Greetings from 53.5° north latitude, the land of near-summer daytime temperatures, open playgrounds, and a populace inching towards showing their middle finger to the concept of social distancing.
Thanks go out this week to the Public Sector Network for inviting me to deliver a speech on building a culture of security awareness in an organization. The slides are available here, but probably won't be all that useful without my narrative to accompany the deck. If you are interested in watching the security awareness videos referenced in the presentation, the full playlist is available at this link.
Beyond preparing for and delivering that talk, it was a pretty quiet week. I was able to start and finish a Douglas Adams classic, tried a quarter dozen new beers, and learned (and relearned) and a couple new words.
Let's get on with it.
I took a break from the Patrick Rothfuss masterpiece this week because I didn't have enough mental energy to properly focus on it. I'll jump back into it this week, so it will be even later in June before I finish it.
Book #21 for 2020 in its place was a re-read of "Life, The Universe, and Everything" by Douglas Adams. This was definitely my least favorite of the Hitchhiker's series so far. It had some interesting conceptual twists but lacked the irreverant humor that made me laugh out loud while reading it that made the first two books so memorable. It might have been a better written book in some regards, and is probably more serious than the first two books. If that was intentional, I can imagine how much resistance Adams would have received in changing the style of his novels after the success of his first two books. I wonder if that was why he followed up the Hitchhiker's series with the Dirk Gently books. Maybe I should pick those up again.
The point above about authors changing their writing style reminds me of a quote I heard from Neil Gaiman about eighteen months ago. He said that everyone pushes you to write something original and new, until they like your first book, and then all they want is more of exactly what you already wrote.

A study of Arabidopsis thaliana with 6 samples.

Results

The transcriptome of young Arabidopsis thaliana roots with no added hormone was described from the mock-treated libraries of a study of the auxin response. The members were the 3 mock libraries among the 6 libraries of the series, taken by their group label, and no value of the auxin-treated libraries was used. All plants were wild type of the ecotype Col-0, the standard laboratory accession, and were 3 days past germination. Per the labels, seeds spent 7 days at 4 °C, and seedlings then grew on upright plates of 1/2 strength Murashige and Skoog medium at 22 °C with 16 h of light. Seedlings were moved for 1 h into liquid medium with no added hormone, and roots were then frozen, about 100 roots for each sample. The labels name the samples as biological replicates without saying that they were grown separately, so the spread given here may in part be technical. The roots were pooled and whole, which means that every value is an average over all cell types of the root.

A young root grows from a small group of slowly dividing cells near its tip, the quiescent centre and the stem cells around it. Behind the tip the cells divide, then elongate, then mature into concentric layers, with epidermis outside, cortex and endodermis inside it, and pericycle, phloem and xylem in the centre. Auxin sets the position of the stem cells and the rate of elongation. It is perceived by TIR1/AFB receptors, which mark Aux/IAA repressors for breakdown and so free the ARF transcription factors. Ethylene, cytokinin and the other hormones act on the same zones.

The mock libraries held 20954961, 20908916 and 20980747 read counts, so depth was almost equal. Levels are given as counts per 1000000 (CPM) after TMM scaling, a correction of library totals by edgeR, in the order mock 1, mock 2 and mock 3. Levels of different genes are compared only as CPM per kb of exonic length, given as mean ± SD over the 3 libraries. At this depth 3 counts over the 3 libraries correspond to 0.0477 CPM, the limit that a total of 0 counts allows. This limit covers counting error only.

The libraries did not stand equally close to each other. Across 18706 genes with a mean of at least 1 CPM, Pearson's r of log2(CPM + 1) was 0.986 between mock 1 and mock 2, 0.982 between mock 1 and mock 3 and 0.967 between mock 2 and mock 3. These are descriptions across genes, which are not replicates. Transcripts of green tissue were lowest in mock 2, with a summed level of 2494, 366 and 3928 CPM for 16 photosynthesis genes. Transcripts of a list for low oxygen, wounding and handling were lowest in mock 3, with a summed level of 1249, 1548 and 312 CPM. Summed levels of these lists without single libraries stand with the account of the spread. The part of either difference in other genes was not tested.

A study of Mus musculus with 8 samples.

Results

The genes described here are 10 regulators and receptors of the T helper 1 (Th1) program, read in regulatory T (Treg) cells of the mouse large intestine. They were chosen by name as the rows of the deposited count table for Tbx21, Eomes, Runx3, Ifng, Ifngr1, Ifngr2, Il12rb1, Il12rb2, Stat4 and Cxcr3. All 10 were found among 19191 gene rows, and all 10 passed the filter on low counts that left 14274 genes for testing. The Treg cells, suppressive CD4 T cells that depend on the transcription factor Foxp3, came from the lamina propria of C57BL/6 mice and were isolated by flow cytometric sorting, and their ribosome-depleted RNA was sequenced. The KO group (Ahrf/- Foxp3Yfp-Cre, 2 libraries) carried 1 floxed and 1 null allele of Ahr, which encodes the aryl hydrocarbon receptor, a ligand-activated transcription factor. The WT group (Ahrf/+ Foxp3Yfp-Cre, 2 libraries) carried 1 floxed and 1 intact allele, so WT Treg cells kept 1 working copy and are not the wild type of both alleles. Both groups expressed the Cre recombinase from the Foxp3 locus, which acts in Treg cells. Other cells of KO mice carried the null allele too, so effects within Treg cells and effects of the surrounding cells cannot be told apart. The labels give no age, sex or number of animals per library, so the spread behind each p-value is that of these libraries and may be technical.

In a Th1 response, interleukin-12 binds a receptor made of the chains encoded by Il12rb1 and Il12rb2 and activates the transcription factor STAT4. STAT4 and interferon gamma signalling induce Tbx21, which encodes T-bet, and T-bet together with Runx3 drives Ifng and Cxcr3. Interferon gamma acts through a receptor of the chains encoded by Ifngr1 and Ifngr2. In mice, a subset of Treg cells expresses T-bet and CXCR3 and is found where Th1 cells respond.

Twenty-one books in twenty weeks means I should be able to hit my target of 52 books this year when you factor in the group readings of War and Peace and The Count of Monte Cristo.
Two new beers this week, with one coming from a favorite brewer and the other continuing my foray into traditional European beers.
First up was the Life In The Clouds DDH IPA from Collective Arts. Before diving into this one, I had to figure out what a DDH IPA was. Thanks to Craft Beer Joe for deciphering the acronym to mean Double Dry Hops. The DDH process definitely explains the bold hoppiness of this beer, and why there was so much pineapple and citrus flavor. It was hazy but much more filtered than some of my previous selections. This was a very tasty beer that I would happily have again. (3.75 / 5)
Second up was the Destiny IPA from Fuggles and Warlock Craftworks in Richmond, B.C. This had a ton of taste, fruit, and hops. Seven hops varieties, and I was only familiar with four of them. Good stuff. (3.5 / 5)
The third beer this week was a European Pale Lager called Tatra produced by the marcro Zywiec. This was pretty decently tasty lager with a fairly crisp and slightly bready taste. Nothing to complain about. (3.25 / 5)
Just a couple new words this week. Apparently Douglas Adams didn't have much to expand my vocabularly in his third book, especially since one was a repeat.